By Jason Thibeault

People used to imagine an online video world that was engaging and interactive. But, instead of achieving that, we’ve settled for duplicating TV.

Ten years ago, had you asked the question, “What will the future of video be?” most people would have painted you a picture straight out of Minority Report—a personalized, interactive experience in which viewers can engage with the objects in the video by clicking on them. But look at the conversations we have about video today—which tend to revolve around generating money from advertising revenue—and you quickly realize that we’ve lost the vision that was driving the industry. We’ve reduced the powerful Tomorrowland aspect of online video to a business discussion.

I remember a startup from a few years back, Veeple (which unfortunately has since closed its doors), that used advanced image-recognition technologies to identify objects in the video and follow them around through each scene. For example, the technology could recognize a can of Coca-Cola (after a user tagged it with a “hotspot”) from the first scene to the last regardless of where it appeared or how large or small it became. And as a recognized object, the technology could make it clickable, empowering users with the opportunity to learn more or make a purchase.

Spring forward to today and that vision is still hanging on by the skin of its teeth. With a little bit of Google searching, you can find a new crop of companies trying to bring that vision to reality in all sorts of different ways. Take Interlude, for example. It enables clickable videos with POV shifts, allowing the user to explore the video from different perspectives (view their sample to see this in action). Or check out Hypershow, which talks about the vision exactly as most had imagined it—“A Hypershow brings Web interactivity to online video experiences, allowing viewers to tap anywhere on the image while the video plays to jump around, explore related information, and much, much more.” (For a fairly comprehensive collection of these visionary companies, visit this list from PBS.)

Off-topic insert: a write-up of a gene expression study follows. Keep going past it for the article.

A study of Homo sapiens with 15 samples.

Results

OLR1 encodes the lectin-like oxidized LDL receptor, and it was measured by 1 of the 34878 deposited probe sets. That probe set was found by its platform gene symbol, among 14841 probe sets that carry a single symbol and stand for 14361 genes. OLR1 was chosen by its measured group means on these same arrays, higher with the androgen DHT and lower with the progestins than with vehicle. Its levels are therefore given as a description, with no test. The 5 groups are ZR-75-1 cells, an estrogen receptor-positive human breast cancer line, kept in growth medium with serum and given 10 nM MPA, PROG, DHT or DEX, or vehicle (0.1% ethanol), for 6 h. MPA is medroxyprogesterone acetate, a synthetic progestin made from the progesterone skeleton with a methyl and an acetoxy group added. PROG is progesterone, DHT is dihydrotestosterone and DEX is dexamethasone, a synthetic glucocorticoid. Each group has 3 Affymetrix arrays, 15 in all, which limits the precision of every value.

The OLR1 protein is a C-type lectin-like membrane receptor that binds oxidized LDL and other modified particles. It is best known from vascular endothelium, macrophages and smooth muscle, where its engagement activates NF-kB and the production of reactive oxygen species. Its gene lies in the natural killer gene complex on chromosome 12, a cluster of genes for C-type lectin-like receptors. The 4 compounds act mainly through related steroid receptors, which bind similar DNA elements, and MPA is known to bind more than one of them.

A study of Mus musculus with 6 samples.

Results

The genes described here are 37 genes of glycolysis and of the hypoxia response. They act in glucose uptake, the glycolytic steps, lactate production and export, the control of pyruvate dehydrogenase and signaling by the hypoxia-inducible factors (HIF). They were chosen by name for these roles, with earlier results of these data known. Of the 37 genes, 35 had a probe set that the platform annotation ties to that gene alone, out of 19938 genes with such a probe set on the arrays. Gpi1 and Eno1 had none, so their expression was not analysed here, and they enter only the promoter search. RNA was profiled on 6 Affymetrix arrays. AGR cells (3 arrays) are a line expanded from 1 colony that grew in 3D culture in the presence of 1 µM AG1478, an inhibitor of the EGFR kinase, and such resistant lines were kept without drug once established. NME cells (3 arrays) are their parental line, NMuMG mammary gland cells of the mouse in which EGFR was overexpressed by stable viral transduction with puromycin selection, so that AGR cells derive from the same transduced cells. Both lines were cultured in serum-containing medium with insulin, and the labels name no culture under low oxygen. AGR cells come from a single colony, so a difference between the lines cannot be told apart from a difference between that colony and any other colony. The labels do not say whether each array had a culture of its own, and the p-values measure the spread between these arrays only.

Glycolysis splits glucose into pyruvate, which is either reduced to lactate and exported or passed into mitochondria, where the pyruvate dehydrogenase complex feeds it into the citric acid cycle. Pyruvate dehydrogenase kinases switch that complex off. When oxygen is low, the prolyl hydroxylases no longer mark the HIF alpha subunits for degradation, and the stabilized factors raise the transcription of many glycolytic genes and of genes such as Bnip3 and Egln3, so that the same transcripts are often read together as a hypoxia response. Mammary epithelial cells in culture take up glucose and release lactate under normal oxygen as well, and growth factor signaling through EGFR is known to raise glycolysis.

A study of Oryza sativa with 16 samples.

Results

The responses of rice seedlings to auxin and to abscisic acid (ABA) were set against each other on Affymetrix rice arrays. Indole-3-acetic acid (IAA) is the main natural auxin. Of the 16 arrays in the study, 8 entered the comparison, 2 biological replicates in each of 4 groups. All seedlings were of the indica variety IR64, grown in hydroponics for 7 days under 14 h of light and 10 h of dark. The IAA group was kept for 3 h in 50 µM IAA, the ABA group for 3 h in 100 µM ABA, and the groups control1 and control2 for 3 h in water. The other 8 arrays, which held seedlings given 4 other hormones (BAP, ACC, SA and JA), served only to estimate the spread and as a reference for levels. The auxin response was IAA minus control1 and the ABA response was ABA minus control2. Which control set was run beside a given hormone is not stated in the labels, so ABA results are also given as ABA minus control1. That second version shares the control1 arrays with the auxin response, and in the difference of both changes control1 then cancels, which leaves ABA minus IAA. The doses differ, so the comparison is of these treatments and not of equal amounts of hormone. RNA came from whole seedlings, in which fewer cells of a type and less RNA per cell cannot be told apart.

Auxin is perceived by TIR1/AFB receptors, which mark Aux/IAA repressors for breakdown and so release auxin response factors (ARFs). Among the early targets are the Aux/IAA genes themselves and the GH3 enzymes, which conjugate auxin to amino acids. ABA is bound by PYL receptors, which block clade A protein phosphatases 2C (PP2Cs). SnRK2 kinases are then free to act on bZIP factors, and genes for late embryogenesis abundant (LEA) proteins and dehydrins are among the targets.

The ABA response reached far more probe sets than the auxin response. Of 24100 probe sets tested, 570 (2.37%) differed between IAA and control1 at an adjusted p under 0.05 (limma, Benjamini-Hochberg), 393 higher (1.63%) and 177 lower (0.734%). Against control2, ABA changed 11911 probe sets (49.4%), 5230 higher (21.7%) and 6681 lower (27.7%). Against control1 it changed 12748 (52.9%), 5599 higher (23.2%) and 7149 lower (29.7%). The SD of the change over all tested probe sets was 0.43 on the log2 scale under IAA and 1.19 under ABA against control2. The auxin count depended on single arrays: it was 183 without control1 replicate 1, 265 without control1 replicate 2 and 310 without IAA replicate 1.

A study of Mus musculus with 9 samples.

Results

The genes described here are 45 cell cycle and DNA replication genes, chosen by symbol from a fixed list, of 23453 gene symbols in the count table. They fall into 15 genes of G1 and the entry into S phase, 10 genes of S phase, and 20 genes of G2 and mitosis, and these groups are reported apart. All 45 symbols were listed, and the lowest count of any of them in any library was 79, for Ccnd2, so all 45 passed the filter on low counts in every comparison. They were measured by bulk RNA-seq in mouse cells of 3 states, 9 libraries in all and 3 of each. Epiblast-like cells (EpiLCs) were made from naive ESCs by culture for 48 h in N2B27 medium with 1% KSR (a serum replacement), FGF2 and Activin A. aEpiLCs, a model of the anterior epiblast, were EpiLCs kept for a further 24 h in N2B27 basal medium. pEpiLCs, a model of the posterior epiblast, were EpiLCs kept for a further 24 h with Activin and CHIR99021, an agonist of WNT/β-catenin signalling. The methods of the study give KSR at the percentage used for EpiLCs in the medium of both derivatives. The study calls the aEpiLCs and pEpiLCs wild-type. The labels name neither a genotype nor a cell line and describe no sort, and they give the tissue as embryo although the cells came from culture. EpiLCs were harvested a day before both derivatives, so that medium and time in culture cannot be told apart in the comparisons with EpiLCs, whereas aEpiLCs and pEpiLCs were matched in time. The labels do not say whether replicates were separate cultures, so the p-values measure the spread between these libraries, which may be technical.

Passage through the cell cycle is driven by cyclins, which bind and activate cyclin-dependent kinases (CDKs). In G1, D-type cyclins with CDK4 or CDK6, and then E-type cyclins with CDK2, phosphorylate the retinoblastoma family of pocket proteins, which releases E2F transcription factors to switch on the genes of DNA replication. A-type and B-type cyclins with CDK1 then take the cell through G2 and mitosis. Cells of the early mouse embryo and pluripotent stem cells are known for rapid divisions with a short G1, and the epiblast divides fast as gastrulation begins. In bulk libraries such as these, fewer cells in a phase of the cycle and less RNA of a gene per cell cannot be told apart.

But when was the last time that you “interacted” with a video published by a major brand or content owner? Can’t remember? Neither can I. Despite the smattering of companies still trying to bring this vision to life, it seems that it has stagnated to the point of marginality. No one is talking about this vision for the future of video anymore. No one is writing about it. No one seems to care.

And don’t go pointing your finger at technology—that’s not the reason the vision has failed. Flash is being displaced by HTML5 (providing much more extensibility for interactivity). We have a seemingly unlimited amount of cloud computing resources with which to munge big data and personalize videos. And there are numerous advanced, cloud-based computer systems that do really good image recognition. We’ve got the technology to make online video interactive.

If you want to blame something, blame the television experience. As video has moved from traditional broadcast to online, consumers have carried with it their expectations—sit down, shut up, and just watch. Drink in your advertisements. Be influenced to purchase the next time you are in a store or online. When you think about it, online video has become nothing more than television delivered via the internet.

We have turned online video into the new television business and pushed aside the vision for interactive experiences in favor of figuring out how to replicate the same revenue that we generate from the television business today.